Tribal is offline Junior Member
    Join Date
    Nov 2005

    What is the name of your state? NV

    I have been a member of the IBEW for 7 years. I signed an agreement when I joined to not work in a non-union shop, or I could be sued.

    I have since moved to a part of the country (Texas) that has no union work going on. Little to no union representation. I have a wife and two children, and must start working soon, and have no chance of getting a union sponsored job.

    I am trying to drop my membership from the union, but no one at either hall will tell me how. I am getting very frustrated, and must return to work. I hate to work in a non union environment, but that is my option, at this point. And I don't want to get sued....

    Anyone have any information on this subject? Would sending them a certified, notarized letter stating my intention be enough to cover me legally? Everytime I call up and ask for info, I get another person telling me that I just need to pack my family up and move to where there is more work, or leave the family behind and go to the work myself. These are not options, and anyone that thinks they are, definately has a screwed up value system..

    Any advice is appreciated.
  2. #2
    mlane58 is offline Senior Member
    Join Date
    Mar 2005
    Location
    Texas
    Regardless of whether you were a voluntary union member or instead you misled or coerced into joining, you have the right to resign and sever your relationship with the union, and thereby avoid internal union fines and discipline.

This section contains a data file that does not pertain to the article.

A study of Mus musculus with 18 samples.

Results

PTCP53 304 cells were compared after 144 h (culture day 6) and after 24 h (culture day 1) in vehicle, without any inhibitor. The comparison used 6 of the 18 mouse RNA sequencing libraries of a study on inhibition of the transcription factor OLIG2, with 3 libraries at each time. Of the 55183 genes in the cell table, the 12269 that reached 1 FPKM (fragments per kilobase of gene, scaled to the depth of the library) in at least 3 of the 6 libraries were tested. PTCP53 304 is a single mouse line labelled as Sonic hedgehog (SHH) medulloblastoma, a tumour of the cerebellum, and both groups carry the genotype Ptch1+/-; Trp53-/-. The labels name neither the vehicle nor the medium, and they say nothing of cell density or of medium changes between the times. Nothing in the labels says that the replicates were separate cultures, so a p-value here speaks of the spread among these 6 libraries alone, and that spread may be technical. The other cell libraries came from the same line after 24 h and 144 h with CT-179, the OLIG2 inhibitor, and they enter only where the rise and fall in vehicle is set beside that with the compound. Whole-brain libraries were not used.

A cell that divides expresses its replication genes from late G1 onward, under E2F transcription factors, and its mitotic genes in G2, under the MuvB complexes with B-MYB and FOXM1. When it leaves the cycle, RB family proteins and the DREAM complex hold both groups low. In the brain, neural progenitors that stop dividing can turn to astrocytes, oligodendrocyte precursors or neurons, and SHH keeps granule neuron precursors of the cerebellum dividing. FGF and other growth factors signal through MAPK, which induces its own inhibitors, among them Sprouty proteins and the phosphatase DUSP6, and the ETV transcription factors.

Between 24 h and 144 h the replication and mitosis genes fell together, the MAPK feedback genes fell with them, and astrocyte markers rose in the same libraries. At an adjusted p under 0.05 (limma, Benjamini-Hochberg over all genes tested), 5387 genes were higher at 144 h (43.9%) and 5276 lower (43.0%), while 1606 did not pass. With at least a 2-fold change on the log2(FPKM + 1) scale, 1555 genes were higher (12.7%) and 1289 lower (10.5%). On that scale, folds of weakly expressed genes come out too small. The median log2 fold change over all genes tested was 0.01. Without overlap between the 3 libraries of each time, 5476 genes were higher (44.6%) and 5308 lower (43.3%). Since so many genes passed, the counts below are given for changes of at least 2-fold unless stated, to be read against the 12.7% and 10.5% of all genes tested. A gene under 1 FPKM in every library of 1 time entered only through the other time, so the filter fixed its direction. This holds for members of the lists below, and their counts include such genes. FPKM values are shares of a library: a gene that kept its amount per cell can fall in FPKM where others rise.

In Pattern Makers v. NLRB,(26) the Supreme Court held that employees have the right to resign from a union at any time, and that union rules restricting resignations are illegal. By granting employees the right to "refrain from any or all" activities, the NLRA guarantees each employee the right to resign from union membership at any time,(27) although the employee may be required to comply with a union's constitution and by-laws provisions that require the resignation be in writing and sent to a designated officer of the local union.(28)


    So basically you can move forward and obtain employment free from retaliation.
  3. #3
    Tribal is offline Junior Member
    Join Date
    Nov 2005
    So I basically just have to find out the name of the person to address the letter to, and send a certified, notarized letter to them?

    I do want to clarify that there is no ill feeling towards the union, it just puts me at an extreme disadvantage in this part of the country, to find employment. The union has not been telling me that I "can't" drop my ticket, they are just not telling me "how" to do so...
  4. #4
    mlane58 is offline Senior Member
    Join Date
    Mar 2005
    Location
    Texas
    Posts
    2,856
    Just send them a resignation letter with an effective date and send it either return receipt, certified as long as you get a signature they recieved it.